National Air Mail Week

Bill Hopson

Next week marks the 75th anniversary of National Air Mail Week, so declared by President Roosevelt and Postmaster General James A. Farley back in 1938. The celebration honored the 20th anniversary of the first air mail flight in 1918 and was a tribute to the speed and reliability of the Post Office airmail service.

During National Air Mail Week, Farley encouraged everyone to send a letter via air mail. There were an abundance of contests to celebrate the occasion, such as racing pigeons and stagecoaches against air mail flights, essay contests, and creative poster contests. Individual towns across the country also embraced the festivity by creating cachets with their own local touches to send through air mail.

Many special flights were added to locations all across the country in support of the increased mail volume. Landing spots were cleared that had never received a plane before in preparation for new arrivals. Volunteer pilots were even asked to help deliver the special cargo, with approximately 60 pilots signing on for the task.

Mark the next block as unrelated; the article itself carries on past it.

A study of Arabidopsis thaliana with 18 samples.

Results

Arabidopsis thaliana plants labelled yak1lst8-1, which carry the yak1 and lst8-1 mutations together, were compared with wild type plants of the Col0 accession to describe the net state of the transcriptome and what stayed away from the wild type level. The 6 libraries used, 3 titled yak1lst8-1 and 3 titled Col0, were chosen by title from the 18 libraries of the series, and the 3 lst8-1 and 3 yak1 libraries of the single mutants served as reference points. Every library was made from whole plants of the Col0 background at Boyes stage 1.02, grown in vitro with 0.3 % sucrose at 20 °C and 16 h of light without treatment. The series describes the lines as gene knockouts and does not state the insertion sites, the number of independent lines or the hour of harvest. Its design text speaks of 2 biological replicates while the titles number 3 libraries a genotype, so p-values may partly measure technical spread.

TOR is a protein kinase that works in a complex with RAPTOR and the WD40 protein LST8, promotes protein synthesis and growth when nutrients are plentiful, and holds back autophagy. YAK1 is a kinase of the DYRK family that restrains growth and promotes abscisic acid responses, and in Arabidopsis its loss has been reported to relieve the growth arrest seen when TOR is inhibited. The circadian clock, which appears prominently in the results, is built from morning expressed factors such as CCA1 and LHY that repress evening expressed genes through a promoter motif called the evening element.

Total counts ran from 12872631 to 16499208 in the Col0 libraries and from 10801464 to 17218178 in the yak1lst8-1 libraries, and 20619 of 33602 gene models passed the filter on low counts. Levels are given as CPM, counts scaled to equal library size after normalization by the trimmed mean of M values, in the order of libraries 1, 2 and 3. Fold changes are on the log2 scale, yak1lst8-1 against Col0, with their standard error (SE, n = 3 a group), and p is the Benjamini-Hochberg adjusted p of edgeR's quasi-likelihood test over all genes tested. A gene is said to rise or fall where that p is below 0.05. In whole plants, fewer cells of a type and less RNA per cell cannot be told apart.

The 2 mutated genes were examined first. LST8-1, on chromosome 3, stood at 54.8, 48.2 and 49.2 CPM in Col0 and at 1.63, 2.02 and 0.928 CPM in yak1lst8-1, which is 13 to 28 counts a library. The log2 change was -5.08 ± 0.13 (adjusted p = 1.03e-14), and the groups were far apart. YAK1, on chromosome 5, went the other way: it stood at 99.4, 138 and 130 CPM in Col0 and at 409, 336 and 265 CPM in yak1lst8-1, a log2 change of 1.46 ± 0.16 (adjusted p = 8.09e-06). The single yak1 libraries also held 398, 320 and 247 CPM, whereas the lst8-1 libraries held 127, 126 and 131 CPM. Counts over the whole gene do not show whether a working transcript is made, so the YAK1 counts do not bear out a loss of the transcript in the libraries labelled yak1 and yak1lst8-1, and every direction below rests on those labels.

The 1938 National Air Mail Week event captivated the hearts and minds of the American population during a particularly difficult economic time in American history.


1 Comment

  1. Jonn

     /  May 23, 2013

    That had to be one scary job. Planes were expirimental gadgets back then, and many of them failed. The guy in the photo died in a crash a few years after the photo was taken. No lights, no guidance systems, just some bold fly by the seat of your pants flying. Now we fly drone planes remotely in a different part of the world. Aviation has sure changed a lot since the days of airmail.